Catalyst enables reactions with the help of green light
For the first time, chemists at the University of Bonn and Lehigh University in the U.S. have developed a titanium catalyst that makes light usable for selective chemical reactions. It provides a cost-effective and nontoxic alternative to ruthenium and iridium catalysts used currently, which are based on very expensive and toxic metals. The new catalyst can be used to produce highly selective chemical products that can provide the basis for antiviral drugs or luminescent dyes, for example. The results have been published in the international edition of the journal Angewandte Chemie.
Electrons in chemical molecules are reluctant to lead a single life; they usually occur in pairs. Then they are particularly stable and do not tend to forge new partnerships in the form of new bonds. However, if some of the electrons are brought to a higher energy level with the help of light (photons), things begin to look different when it comes to this "monogamy": In such an excited state, the molecules like to donate or to accept an electron. This creates so-called 'radicals,' that have electrons, are highly reactive and can be used to form new bonds.
Irradiation with green light
This new catalyst is based on this principle: At its core is titanium, which is connected to a carbon ring in which the electrons are particularly mobile and can be easily excited. Green light is sufficient to use the catalyst for electron transfer to produce reactive organic intermediates that are otherwise not easily obtainable. "In the laboratory, we irradiated a reaction flask containing the titanium catalyst that can be viewed as a 'red dye' with green light," reports Prof. Dr. Andreas Gansäuer from the Kekulé Institute of Organic Chemistry and Biochemistry at the University of Bonn. "And it worked right away." The mixture generates radicals from organic molecules that initiate many reaction cycles from which a wide variety of chemical products can be produced.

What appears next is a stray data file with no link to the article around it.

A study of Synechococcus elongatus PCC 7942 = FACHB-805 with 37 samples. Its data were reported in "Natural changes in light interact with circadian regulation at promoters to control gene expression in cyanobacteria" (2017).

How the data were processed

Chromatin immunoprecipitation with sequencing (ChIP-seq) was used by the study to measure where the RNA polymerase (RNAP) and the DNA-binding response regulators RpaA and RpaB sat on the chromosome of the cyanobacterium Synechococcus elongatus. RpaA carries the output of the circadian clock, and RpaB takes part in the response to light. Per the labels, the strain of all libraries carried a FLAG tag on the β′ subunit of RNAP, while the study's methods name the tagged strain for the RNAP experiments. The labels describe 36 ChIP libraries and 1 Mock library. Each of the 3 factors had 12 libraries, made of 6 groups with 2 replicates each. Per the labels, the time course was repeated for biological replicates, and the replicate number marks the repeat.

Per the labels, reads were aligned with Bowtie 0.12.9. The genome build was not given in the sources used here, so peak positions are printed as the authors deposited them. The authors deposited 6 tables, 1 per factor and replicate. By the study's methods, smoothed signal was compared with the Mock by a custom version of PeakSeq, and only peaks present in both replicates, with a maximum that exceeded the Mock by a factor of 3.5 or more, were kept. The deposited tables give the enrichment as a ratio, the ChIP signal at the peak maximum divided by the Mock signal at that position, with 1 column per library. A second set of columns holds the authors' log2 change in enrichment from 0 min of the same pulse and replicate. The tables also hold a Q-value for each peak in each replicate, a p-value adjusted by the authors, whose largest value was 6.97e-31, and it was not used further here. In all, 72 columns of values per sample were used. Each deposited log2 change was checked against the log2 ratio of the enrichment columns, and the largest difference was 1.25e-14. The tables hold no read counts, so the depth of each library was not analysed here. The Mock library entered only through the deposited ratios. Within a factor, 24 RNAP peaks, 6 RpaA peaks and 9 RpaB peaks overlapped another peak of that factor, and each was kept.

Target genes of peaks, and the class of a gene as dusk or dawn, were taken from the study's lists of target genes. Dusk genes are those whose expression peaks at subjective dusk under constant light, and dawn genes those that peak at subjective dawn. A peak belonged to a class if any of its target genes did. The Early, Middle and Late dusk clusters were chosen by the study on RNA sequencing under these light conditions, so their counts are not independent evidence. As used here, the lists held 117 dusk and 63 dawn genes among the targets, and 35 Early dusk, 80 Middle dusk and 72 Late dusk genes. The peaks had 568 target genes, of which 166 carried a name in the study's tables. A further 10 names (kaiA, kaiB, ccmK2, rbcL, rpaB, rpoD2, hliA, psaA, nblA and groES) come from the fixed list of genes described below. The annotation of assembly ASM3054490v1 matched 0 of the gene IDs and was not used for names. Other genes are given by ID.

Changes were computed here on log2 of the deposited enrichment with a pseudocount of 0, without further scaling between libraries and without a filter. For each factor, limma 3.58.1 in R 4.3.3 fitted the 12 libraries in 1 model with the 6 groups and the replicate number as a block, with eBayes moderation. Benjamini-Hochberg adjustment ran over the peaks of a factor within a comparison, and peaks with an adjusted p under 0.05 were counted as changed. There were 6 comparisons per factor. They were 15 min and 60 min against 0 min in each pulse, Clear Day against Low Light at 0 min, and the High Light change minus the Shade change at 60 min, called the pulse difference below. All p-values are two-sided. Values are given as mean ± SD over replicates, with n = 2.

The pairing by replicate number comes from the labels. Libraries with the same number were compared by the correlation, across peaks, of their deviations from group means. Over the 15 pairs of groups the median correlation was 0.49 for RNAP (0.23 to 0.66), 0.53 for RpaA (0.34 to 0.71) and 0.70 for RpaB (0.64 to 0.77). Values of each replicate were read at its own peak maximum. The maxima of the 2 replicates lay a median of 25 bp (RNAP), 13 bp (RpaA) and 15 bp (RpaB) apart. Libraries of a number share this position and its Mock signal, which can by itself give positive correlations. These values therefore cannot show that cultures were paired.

A key factor in reactions with this photo redox catalyst is the wavelength of the light used for irradiation. "Ultraviolet radiation is unsuitable because it is far too energy-rich and would destroy the organic compounds," says Gansäuer. Green light from LED lamps is both mild and energy-rich enough to trigger the reaction.
Catalysts are substances that increase the speed of chemical reactions and reduce the activation energy without being consumed themselves. This means that they are available continuously and can trigger reactions that would otherwise not occur in this form. The catalyst can be tailored to the desired products depending on the organic molecule with which the titanium is bonded.
Building blocks for antiviral drugs or luminescent dyes
The new titanium catalyst facilitates the reactions of epoxides, a group of chemicals from which epoxy resin are made. These are used as an adhesive or for composites. However, the scientists are not aiming for this mass product, but for the synthesis of much more valuable fine chemicals. "The titanium-based, tailor-made photo redox catalysts can for instance be used to produce building blocks for antiviral drugs or luminescent dyes," says Gansäuer. He is confident that these new catalysts provide a cost-effective and more sustainable alternative to the ruthenium and iridium catalysts used so far, which are based on very expensive and toxic metals.
The development is an international collaborative effort by Zhenhua Zhang, Tobias Hilche, Daniel Slak, Niels Rietdijk and Andreas Gansäuer from the University of Bonn and Ugochinyere N. Oloyede and Robert A. Flowers II from Lehigh University (U.S.). While the scientists from the University of Bonn investigated how the desired compounds could best be synthesized with the new catalyst, their colleagues from the U.S. carried out measurements to prove the reaction pathways. "The luminescence phenomenon really opens up interesting space to consider the design of new sustainable reactions that proceed through free radical intermediates," says Prof. Robert Flowers from the Lehigh University.